Clinical negligence - overviewThe duty of care
The claimant will not have any difficulty proving the doctors or nurses who provided the treatment owed a duty of care. In clinical negligence claims this is the simplest task. Once the doctor-patient relationship is established the duty follows.
Breach of duty
A medical, dental, nursing or other treating professional will not be negligent unless it can be shown that the treatment provided fell below a reasonable standard of care. That standard is set by the profession, not by lawyers or Parliament. The question will almost always be determined by expert evidence on whether the actions taken by the clinician are supported by a reasonable body of medical opinion: the Bolam test (Bolam v Friern Hospital Management Committee  2 All ER 118).
Causation is generally the most complex issue in clinical negligence claims. It is usually determined by expert medical evidence (though factual causation, as in all personal injury litigation, is sometimes determined by lay evidence). The experts consider whether, on the balance of probabilities, the patient would have suffered the injury but for the negligence. However, loss of a chance is is difficult to establish..
Failure to diagnose or to treat cases are common in clinical negligence. The failure to treat will often be a conscious decision and assessing what would have happened if treatment had been provided can be a difficult task. Loss of a chance of cure cases have created some complicated decisions in the House of Lords over the past 20 years.
Consent to treatment
Consent is the process by which a patient allows a clinician physically to invade their body. Proper consent requires the patient to be informed of the benefits and the risks of the treatment proposed and of other treatment options available. An action in negligence will arise where the failure to warn could not be supported by a responsible body of medical opinion. This, again, is a question of expert evidence.
The Mental Capacity Act 2005 governs consent. The Family Law Reform Act 1969 and the Children Act 1989 provide guidelines for consent of children.
The maxim res ipsa loquitur is rarely relevant in clinical negligence claims: see Ratcliffe v Plymouth and Torbay Health Authority (1998) 42 BMLR 64 and Thomas v Curley  EWHC 2103 (QB).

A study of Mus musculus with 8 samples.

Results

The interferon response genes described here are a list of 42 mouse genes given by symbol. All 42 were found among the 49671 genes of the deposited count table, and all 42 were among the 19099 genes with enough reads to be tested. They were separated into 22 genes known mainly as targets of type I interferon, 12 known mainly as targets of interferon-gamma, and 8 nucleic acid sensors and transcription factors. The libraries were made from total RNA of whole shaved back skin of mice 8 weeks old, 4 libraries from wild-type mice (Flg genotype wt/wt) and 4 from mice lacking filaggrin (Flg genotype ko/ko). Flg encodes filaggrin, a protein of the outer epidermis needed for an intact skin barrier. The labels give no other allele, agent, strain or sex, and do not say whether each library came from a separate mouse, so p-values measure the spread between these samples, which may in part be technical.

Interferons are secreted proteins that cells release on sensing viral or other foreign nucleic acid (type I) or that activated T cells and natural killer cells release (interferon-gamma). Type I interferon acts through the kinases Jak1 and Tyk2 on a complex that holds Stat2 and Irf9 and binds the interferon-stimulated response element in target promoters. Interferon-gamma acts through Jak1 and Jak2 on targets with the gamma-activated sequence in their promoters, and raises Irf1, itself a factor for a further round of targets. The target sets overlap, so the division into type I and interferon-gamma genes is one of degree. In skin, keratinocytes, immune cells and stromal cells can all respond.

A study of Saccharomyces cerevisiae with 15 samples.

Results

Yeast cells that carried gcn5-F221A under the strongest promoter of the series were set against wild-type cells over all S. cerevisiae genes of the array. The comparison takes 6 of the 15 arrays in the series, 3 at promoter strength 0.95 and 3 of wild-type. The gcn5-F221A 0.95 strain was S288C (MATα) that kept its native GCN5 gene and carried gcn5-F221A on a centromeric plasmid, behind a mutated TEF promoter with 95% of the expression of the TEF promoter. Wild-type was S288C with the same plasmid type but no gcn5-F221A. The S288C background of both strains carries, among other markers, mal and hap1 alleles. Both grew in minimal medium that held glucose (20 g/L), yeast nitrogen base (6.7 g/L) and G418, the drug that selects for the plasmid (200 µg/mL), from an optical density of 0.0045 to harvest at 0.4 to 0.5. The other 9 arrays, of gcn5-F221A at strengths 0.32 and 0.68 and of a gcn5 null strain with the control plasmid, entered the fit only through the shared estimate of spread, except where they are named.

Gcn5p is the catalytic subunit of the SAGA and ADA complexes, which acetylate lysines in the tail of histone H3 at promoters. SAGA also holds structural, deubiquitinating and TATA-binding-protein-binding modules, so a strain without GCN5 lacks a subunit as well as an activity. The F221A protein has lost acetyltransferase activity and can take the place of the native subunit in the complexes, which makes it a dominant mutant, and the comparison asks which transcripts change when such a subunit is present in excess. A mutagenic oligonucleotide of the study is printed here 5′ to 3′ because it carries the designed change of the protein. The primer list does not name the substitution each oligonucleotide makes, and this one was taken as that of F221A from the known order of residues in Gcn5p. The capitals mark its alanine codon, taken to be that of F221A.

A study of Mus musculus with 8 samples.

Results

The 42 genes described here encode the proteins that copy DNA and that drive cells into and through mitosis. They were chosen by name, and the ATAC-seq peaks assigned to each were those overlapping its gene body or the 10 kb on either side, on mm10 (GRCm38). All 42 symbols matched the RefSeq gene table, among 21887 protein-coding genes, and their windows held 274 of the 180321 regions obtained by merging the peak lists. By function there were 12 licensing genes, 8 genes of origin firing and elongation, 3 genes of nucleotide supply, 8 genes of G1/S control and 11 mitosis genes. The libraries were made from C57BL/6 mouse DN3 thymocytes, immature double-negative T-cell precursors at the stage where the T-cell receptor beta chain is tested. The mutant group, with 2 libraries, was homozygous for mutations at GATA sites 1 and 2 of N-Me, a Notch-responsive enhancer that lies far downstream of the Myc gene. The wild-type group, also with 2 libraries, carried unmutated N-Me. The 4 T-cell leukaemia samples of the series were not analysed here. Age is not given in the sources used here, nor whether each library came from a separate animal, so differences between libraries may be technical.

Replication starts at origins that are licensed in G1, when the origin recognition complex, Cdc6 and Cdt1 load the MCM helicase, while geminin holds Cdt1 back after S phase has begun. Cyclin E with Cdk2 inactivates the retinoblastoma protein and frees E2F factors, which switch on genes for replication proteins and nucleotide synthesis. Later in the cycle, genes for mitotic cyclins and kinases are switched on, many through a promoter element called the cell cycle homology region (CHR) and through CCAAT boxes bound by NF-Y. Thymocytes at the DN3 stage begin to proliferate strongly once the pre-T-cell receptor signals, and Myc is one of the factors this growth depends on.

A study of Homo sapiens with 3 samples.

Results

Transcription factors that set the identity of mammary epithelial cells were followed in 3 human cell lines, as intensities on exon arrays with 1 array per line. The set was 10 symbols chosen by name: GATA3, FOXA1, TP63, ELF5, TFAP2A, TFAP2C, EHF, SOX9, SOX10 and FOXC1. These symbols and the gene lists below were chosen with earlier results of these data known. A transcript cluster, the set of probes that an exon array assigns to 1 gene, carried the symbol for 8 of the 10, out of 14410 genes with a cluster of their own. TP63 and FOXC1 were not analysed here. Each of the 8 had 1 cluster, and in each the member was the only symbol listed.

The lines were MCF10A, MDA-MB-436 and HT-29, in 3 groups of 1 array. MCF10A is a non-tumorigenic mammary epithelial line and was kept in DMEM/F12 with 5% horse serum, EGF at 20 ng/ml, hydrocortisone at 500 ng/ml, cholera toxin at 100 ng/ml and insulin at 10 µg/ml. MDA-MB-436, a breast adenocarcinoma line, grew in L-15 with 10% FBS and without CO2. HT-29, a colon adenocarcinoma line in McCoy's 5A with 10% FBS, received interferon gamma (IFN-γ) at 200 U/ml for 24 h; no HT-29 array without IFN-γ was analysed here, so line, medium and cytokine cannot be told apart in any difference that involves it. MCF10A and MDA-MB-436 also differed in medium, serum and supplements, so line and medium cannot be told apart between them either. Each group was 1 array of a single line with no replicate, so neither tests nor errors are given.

Generally, the defences in clinical negligence claims are a denial of breach of duty or causation.
Contributory negligence rarely arises in clinical negligence claims unless the patient has failed to conform with suggested treatment.
The defence of volenti non fit injuria does not tend to arise in clinical negligence claims.
The duty to mitigate applies in clinical negligence as in any personal injury case. In the medical field recommendations of treatment to rectify or improve an injury may be relevant.
Damages for failed sterilisation
Parents cannot recover damages for the cost of raising a healthy child born as a result of clinical negligence (failed sterilisation cases). However, where a disabled child is born damages can be awarded for the extra costs of bringing up the child. In all cases an award can be made to recognise the wrong done.
With private treatment there is likely to be a duty owed in contract as well as tort and in the event of injury, but in the absence of clear warranties, contractual duties for private treatment are likely to be similar, if not identical, to those arising in tort.
Duties to third parties are unlikely to be imposed, the main reason being that a clinician’s exclusive duty and concern must always be the welfare of the patient.
It is usual in clinical negligence actions for the process to start with a complaint to the health service provider, most commonly the NHS trust responsible for the hospital providing the care. The trust is vicariously liable for the treatment provided by its staff.
There is now a single complaints system for NHS hospitals and primary care trusts.
Claimants should be aware that using the NHS procedure will not provide compensation. However, in appropriate cases an apology may be provided, which can often be the only response a complainant may require or want.
Where the outcome of the investigation is inappropriate a complaint can be made to the Health Service Ombudsman.
An alternative or additional procedure is that afforded by the regulatory body responsible for the clinician’s professional registration (General Medical Council, General Dental Council or Nursing and Midwifery Council). Again, such a complaint will not provide financial compensation and the primary concern is whether the fitness to practise of the clinician is impaired.